Is employee buy-in crucial to DX success in manufacturing?
In a recent report from titled ‘’ the company revealed that 8 per cent of business leaders in manufacturing would like to implement more technology, but fear resistant, 15 per cent find their employees reluctant to embrace new technologies.
The importance of employee buy-in for digital transformation success
With only 24 per cent of manufacturing businesses’ employees reacting positively to new technology, and 40 per cent appreciating the benefits, Nexter’s research reveals that a lack of communication and education prior to implementation could be the reason for such negative reactions.
“Only when used correctly and consistently can digital solutions make a tangible difference to business operations and outcomes. So while it’s vital to get the C-Suite on board in order to secure funding for exciting new technology in the first place, it’s equally as important that those who will be using the technology day-to-day are convinced of its benefits,” said Colin Crow, managing director of Nexer.
According ot Nexer’s research only 24 per cent of manufacturing companies said that their workforce finds it easy to learn new technology, with 49 per cent stating that many of their employees struggle.
“In order to ensure optimum return on investment, businesses should always take a collaborative approach, explaining to employees the reasons behind any new digital technologies and providing as much support as needed for them to feel comfortable using them,” added Crow.
“It’s important to bear in mind that while digital transformation makes companies more profitable, enhances the customer experience and enables them to keep up with competitors, it should also always improve the employee experience. If a new technology will not ultimately make the daily responsibilities of employees simpler or more efficient – following the appropriate training – then it is not the right technology for that business, and will likely not be a success in the long term,” concluded Crow.
Siemens: Providing the First Industrial 5G Router
Across a number of industry sectors, there’s a growing need for both local wireless connectivity and remote access to machines and plants. In both of these cases, communication is, more often than not, over a long distance. Public wireless data networks can be used to enable this connectivity, both nationally and internationally, which makes the new 5G network mainframe an absolutely vital element of remote access and remote servicing solutions as we move into the interconnected age.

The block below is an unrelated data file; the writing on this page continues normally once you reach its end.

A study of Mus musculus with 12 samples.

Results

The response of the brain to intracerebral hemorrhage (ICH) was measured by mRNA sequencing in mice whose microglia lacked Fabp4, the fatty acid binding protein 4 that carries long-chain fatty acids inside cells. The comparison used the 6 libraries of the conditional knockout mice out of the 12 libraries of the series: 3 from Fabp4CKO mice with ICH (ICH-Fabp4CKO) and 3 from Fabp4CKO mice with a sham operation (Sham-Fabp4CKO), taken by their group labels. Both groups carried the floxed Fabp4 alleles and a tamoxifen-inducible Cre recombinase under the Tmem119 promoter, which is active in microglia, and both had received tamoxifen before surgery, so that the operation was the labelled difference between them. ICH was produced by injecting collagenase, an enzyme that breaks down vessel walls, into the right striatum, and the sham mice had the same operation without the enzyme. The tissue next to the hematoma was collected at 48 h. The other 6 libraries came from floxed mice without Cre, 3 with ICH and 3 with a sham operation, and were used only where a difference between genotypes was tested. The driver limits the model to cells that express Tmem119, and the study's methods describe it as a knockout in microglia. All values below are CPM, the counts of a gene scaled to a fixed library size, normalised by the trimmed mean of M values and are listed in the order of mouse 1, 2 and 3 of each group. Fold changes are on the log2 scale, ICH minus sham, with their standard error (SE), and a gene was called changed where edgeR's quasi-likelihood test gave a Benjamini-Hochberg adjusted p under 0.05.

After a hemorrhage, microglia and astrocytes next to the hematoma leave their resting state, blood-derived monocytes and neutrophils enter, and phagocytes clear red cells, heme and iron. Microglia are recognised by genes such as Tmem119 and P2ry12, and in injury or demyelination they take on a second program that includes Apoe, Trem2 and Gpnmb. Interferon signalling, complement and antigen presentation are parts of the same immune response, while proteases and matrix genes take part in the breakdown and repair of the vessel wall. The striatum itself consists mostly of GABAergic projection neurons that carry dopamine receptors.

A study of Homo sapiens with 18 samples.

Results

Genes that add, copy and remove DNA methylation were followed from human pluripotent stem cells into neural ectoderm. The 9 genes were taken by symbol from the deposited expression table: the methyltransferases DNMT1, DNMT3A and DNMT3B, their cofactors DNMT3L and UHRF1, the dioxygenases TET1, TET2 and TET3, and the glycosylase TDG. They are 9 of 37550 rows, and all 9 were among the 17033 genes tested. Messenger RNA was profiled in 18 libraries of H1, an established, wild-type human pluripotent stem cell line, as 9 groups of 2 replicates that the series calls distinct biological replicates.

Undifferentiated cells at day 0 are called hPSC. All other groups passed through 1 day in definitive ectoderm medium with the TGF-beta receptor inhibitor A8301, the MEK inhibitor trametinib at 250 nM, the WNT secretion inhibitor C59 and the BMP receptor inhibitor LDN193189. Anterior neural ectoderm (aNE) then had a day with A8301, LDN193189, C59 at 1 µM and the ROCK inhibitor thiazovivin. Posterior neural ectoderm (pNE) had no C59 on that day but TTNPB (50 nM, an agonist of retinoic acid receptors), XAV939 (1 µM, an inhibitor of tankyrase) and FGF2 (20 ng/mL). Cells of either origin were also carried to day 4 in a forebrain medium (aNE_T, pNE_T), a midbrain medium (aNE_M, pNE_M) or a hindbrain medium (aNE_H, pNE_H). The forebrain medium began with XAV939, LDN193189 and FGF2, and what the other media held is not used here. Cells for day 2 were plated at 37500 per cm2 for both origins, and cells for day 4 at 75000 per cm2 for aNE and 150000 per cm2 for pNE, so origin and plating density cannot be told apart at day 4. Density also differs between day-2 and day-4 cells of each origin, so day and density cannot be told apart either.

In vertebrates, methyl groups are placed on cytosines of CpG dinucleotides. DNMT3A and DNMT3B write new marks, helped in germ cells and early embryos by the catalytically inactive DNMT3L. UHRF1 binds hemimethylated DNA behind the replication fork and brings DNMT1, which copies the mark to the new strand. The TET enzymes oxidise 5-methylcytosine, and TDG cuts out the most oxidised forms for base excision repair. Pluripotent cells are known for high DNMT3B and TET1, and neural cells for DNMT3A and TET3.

Siemens Enables 5G IIoT
The eagerly awaited Scalance MUM856-1, Siemens’ very first industrial 5G router, is officially available to organisations. The device has the ability to connect all local industrial applications to the public 5G, 4G (LTE), and 3G (UMTS) mobile wireless networks ─ allowing companies to embrace the long-awaited Industrial Internet of Things (IIoT).
The router can be used to remotely monitor and service plants, machines, as well as control elements and other industrial devices via a public 5G network ─ flexibly and with high data rates. Something that has been in incredibly high demand after being teased by the leading network providers for years.
Scalance MUM856-1 at a Glance
- Scalance MUM856-1 connects local industrial applications to public 5G, 4G, and 3G mobile wireless networks
- The router supports future-oriented applications such as remote access via public 5G networks or the connection of mobile devices such as automated guided vehicles in industry
- A robust version in IP65 housing for use outside the control cabinet
- Prototypes of Siemens 5G infrastructure for private networks already in use at several sites
“To ensure the powerful connection of Ethernet-based subnetworks and automation devices, the Scalance MUM856-1 supports Release 15 of the 5G standard. The device offers high bandwidths of up to 1000 Mbps for the downlink and up to 500 Mbps for the uplink – providing high data rates for data-intensive applications such as the remote implementation of firmware updates. Thanks to IPv6 support, the devices can also be implemented in modern communication networks.
Various security functions are included to monitor data traffic and protect against unauthorised access: for example, an integrated firewall and authentication of communication devices and encryption of data transmission via VPN. If there is no available 5G network, the device switches automatically to 4G or 3G networks. The first release version of the router has an EU radio license; other versions with different licenses are in preparation. With the Sinema Remote Connect management platform for VPN connections, users can access remote plants or machines easily and securely – even if they are integrated in other networks. The software also offers easy management and autoconfiguration of the devices,” Siemens said.
Preparing for a 5G-oriented Future
Siemens has announced that the new router can also be integrated into private 5G networks. This means that the Scalance MUM856-1 is, essentially, future-proofed when it comes to 5G adaptability; it supports future-oriented applications, including ‘mobile robots in manufacturing, autonomous vehicles in logistics or augmented reality applications for service technicians.’
And, for use on sites where conditions are a little harsher, Siemens has given the router robust IP65 housing ─ it’s “dust tight”, waterproof, and immersion-proofed.
The first release version of the router has an EU radio license; other versions with different licenses are in preparation. “With the Sinema Remote Connect management platform for VPN connections, users can access remote plants or machines easily and securely – even if they are integrated in other networks. The software also offers easy management and auto-configuration of the devices,” Siemens added.